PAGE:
NRI Bajwa is the first to wear the turban in Ottawa Police

In many ways, Const. Jasdeep Bajwa is just like any other rookie police officer. Eager to learn and excited about his job, the 25-year old Bajwa, hired last August, is the ideal candidate for the Ottawa Police Service.

“It was my dream ever since I was a child,” he says of wanting to be a cop. “That’s what I had always wanted to be.” While Bajwa’s enthusiasm may not set him apart from his colleagues, his uniform certainly does. Bajwa wears a turban, one of five items Sikhs wear following their baptism. There are other Sikhs on the Ottawa police force, but Bajwa is the first to wear the turban as part of his uniform.

As precedent setting as it is for this city, Bajwa is not the first turban-wearing police officer in province or the country. In fact, local police modeled Bajwa’s blue turban after styles worn by Toronto and Peel officers. In 1991, Baltej Singh Dhillon became the first officer to wear a turban in the RCMP. While Dhillon was initially at the centre of controversy over his head wear, Bajwa has yet to encounter a negative comment on the beat. Instead, he has fielded a handful of curious questions from civilians about the turban and its significance.

India to Kanata

Even in his native India, Bajwa grew up wanting to be a cop. When his family moved to Kanata four years ago, he took a few years to master English and grow accustom to his new country before following his dream.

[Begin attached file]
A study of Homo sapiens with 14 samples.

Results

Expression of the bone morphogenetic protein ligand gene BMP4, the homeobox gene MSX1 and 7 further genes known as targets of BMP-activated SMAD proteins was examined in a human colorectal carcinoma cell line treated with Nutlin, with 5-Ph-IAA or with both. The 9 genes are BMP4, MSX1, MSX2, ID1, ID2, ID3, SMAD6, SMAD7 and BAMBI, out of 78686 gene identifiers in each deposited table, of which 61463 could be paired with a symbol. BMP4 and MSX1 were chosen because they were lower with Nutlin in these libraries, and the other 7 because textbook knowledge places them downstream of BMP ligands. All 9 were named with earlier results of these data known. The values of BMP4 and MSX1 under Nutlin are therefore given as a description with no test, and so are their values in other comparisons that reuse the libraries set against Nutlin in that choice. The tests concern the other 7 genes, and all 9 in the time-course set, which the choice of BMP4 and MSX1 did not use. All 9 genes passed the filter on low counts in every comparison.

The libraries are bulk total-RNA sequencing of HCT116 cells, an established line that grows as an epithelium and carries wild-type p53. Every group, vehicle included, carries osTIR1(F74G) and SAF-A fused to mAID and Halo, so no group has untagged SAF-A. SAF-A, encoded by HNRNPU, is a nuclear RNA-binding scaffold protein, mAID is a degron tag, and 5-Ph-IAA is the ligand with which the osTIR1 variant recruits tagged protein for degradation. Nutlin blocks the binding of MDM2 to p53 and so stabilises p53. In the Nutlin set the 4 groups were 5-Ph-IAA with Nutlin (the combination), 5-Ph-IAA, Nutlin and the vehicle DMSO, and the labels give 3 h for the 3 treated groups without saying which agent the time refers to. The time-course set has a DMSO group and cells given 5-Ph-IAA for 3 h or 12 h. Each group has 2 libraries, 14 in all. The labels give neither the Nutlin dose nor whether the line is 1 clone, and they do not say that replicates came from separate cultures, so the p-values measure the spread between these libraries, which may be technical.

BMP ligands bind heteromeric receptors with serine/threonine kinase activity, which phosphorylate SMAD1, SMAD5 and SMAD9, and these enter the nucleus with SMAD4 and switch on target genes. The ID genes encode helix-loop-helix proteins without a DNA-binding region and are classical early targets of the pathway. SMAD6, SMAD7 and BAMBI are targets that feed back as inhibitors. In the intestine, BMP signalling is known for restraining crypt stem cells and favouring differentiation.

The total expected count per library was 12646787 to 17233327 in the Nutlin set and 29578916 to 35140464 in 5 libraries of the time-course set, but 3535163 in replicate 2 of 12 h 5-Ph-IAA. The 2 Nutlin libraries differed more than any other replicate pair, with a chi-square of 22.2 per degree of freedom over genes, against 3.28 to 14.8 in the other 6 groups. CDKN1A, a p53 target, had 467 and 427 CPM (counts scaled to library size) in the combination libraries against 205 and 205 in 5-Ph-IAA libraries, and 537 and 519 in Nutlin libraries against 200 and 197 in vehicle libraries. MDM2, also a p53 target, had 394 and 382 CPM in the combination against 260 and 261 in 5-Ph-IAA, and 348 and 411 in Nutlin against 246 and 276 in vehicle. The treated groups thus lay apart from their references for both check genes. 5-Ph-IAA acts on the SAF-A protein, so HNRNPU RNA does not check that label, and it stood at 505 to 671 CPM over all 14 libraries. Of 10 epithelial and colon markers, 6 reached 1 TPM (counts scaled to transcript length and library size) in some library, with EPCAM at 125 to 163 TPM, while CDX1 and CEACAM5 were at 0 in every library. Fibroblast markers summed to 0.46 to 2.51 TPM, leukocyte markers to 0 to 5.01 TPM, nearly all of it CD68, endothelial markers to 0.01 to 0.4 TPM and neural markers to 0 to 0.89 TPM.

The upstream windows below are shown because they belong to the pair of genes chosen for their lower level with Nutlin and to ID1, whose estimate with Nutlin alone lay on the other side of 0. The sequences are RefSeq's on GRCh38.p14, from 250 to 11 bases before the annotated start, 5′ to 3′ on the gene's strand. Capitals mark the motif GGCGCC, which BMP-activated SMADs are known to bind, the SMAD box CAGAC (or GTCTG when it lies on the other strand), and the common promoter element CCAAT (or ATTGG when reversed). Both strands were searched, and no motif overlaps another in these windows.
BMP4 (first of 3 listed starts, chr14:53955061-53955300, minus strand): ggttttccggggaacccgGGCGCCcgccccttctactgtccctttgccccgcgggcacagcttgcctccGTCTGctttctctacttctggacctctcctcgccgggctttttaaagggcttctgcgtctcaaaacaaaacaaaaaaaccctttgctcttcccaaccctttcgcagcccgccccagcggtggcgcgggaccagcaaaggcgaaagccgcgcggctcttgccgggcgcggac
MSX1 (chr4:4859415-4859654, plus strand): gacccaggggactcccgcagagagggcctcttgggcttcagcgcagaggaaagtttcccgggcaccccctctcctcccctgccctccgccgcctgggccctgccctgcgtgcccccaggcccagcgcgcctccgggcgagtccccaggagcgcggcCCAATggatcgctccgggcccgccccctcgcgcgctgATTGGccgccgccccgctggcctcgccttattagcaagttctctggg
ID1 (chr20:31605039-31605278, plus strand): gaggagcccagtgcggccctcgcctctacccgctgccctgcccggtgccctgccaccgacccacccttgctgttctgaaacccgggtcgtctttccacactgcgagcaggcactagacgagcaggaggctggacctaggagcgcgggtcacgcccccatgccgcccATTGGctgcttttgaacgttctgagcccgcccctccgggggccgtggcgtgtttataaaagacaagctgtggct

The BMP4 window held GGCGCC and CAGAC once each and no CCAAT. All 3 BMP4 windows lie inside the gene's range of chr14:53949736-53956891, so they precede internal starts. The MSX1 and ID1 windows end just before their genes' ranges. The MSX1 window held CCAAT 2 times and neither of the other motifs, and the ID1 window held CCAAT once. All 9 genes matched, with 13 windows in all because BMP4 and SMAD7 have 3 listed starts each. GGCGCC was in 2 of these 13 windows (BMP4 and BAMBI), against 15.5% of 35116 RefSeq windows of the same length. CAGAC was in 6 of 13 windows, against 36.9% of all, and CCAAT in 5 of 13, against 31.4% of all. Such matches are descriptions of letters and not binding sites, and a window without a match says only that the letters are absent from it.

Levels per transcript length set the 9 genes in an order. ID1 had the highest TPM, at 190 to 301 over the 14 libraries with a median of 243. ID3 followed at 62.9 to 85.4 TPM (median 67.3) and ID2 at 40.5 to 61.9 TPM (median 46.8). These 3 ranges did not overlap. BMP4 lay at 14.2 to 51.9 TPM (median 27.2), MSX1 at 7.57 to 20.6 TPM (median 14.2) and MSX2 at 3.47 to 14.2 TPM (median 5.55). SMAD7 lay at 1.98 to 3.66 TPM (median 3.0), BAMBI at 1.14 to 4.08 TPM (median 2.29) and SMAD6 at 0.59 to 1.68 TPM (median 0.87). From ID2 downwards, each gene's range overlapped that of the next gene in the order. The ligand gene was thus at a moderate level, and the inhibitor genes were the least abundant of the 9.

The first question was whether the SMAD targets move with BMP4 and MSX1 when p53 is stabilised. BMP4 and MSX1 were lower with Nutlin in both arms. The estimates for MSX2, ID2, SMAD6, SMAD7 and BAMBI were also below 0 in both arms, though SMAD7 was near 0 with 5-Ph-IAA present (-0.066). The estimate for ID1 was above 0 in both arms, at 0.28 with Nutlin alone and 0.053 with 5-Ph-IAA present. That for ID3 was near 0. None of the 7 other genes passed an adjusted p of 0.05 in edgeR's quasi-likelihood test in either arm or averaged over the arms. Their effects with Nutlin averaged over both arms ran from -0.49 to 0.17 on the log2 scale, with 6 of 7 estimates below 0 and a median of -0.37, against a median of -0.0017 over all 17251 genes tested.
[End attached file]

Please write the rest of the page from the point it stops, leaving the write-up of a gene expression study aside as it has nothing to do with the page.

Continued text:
When he applied to the Ottawa police, Bajwa didn’t stop to wonder whether he would make waves because of what he wore. He points out that out of 20 people hired at the same time as him, six were women, two were black and one was Asian.

During the past few years, Ottawa police have been actively trying to recruit visible minorities. Staff Sgt. Syd Gravel, who manages the Ottawa police outreach recruitment project, says that to effectively serve a culturally diverse community such as Ottawa, the police force has to reflect that public.

Bajwa is a prime example of how policing is branching out. The Ottawa police service recognizes that some changes – such as alterations to uniforms – must be made to accommodate officers of diverse backgrounds, say Gravel. He adds that when the force hires people from various cultural backgrounds, it keeps in mind they will bring a different way of doing things, which can benefit the force.

There are different ways of doing things… that are just as effective as others and may be even more effective if you understand the culture better,” says Gravel.